Local support for people with a learning disability
A learning disability is generally defined as reduced intellectual ability and difficulty with everyday activities – for example household tasks, socialising or managing money – that affects someone for their whole life.
People with a learning disability have differing support needs. Many of the 930,000 adults with a learning disability in England may never use learning disability support services. There are 129,000 adults who receive local authority social care support. Of these, 28,000 live in residential care or nursing homes. A small proportion (around 2,500), of people with a learning disability and/or autism are in mental health hospitals, some with secure facilities. These people can be considered a danger to themselves or others and have behaviour that challenges services.
The Department of Health (the Department) sets policy for adult learning disability services. Local authorities provide social care services and NHS England is responsible for meeting the health needs of people with a learning disability. The Department for Communities and Local Government sets finance policy for, and allocates funding to, local authorities.
Depending on their support needs, activities to support people with a learning disability focus on increasing employment opportunities, getting people into settled accommodation, and giving them access to healthcare. Since 2012, following the abuse scandal at Winterbourne View the previous year, the Department has largely focused efforts on the approximately 2,500 people with a learning disability who are in mental health hospitals. Many of these people have been in hospitals for several years. The Department set out its commitment to transform the care of these people in Building the Right Support (2015), which is its national plan to reduce the number of beds for people with a learning disability in mental health hospitals by 35% to 50%.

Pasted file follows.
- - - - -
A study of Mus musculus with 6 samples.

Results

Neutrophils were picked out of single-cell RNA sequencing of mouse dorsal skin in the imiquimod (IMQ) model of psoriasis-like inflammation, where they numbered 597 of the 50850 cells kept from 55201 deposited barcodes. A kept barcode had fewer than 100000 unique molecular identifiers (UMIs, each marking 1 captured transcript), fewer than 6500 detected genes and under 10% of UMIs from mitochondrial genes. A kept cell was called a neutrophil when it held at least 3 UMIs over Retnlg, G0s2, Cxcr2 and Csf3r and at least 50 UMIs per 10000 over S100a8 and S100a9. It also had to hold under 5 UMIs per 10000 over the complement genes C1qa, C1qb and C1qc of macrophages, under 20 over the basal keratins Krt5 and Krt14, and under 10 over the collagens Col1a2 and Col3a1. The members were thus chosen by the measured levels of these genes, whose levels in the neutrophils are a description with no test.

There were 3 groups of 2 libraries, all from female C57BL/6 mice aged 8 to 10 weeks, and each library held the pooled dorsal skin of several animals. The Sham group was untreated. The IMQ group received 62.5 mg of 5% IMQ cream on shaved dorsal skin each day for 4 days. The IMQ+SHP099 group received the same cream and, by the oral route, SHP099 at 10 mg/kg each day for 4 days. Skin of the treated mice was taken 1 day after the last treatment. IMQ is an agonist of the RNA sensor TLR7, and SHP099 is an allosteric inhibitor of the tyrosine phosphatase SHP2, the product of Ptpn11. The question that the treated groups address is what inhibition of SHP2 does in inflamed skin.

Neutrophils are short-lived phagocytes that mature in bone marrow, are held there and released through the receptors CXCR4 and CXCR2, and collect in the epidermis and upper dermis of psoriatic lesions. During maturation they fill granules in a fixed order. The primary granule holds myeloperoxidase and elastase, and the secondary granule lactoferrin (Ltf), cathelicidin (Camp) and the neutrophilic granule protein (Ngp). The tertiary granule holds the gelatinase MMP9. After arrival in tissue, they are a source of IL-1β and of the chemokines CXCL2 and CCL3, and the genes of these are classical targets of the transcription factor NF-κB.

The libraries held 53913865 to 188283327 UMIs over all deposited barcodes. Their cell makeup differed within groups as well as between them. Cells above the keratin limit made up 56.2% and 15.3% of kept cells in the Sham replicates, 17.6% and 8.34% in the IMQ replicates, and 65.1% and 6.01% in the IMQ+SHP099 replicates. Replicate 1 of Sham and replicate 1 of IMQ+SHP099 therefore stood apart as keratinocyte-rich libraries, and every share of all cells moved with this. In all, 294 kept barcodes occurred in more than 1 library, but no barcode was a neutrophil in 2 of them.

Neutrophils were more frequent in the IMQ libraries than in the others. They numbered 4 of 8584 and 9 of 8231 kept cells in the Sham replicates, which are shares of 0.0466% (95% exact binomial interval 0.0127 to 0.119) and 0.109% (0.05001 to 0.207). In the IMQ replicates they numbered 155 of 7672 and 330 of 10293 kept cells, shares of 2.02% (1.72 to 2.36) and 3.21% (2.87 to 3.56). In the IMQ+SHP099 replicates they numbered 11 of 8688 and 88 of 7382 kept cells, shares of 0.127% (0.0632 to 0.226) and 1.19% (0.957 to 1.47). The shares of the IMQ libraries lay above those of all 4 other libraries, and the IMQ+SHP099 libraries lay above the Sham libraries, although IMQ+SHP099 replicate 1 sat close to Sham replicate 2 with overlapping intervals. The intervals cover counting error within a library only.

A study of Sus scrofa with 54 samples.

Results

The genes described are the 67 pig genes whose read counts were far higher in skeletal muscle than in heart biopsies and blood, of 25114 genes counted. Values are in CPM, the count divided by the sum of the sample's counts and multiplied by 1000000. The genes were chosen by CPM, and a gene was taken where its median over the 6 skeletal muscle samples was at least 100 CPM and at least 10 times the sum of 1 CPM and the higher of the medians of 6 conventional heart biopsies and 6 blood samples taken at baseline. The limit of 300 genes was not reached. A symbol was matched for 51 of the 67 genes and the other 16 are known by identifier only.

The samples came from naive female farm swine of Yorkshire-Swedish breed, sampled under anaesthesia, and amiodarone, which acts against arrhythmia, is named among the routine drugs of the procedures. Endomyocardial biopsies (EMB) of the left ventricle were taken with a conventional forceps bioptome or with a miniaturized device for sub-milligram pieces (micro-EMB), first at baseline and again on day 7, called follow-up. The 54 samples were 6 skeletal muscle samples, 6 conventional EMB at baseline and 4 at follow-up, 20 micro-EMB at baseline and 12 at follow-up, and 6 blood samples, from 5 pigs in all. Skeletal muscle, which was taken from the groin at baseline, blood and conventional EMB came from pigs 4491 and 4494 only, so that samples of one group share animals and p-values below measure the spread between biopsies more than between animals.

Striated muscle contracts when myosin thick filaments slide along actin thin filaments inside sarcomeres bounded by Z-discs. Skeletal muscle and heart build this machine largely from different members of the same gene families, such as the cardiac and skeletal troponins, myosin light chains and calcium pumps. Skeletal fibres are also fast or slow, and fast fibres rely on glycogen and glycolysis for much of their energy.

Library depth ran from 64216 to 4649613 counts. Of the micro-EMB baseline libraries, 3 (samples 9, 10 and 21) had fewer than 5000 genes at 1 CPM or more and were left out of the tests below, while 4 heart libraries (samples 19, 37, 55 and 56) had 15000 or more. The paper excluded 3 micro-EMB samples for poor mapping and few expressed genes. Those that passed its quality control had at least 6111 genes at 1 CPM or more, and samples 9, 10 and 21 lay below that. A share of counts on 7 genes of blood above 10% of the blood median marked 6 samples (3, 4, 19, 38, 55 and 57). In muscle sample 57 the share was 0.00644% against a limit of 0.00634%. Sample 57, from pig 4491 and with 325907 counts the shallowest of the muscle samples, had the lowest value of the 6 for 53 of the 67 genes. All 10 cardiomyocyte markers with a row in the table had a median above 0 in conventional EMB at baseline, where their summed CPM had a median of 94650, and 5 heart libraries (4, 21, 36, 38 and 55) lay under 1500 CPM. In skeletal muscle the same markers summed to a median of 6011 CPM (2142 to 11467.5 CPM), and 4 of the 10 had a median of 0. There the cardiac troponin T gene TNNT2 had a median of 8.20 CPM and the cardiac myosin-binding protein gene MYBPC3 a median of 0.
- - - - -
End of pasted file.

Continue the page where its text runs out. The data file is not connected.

Moving people out of mental health hospitals is a considerable challenge. It cannot be done quickly or cheaply. As we noted in our previous report, efforts to do so date back to the 1980s, and is a difficult task which defies simple solutions.1 It involves a number of complex and interrelated events, processes and services involving building community alternatives to head-off admission, minimising admissions and length of stay and discharging people to safe and supported locations with minimal readmissions. Unless all stakeholders work together it is unlikely that any individual element of effort will be successful or sustainable.
This report examines how the NHS in England and local authorities seek to improve the lives of the 129,000 people aged 18 to 64 who use local authority learning disability support services (Part One). We also assess the setting up of the Transforming Care programme (the programme) which aims to move some of the 2,500 people with a learning disability and/or autism out of mental health hospitals (Part Two); and progress of the programme (Part Three). Our key questions are:
• How much does the government spend on supporting people with a learning disability?
• Is support improving outcomes?
• Has the Department made progress with its programme to provide community services and reduce mental health hospital beds for people with a learning disability?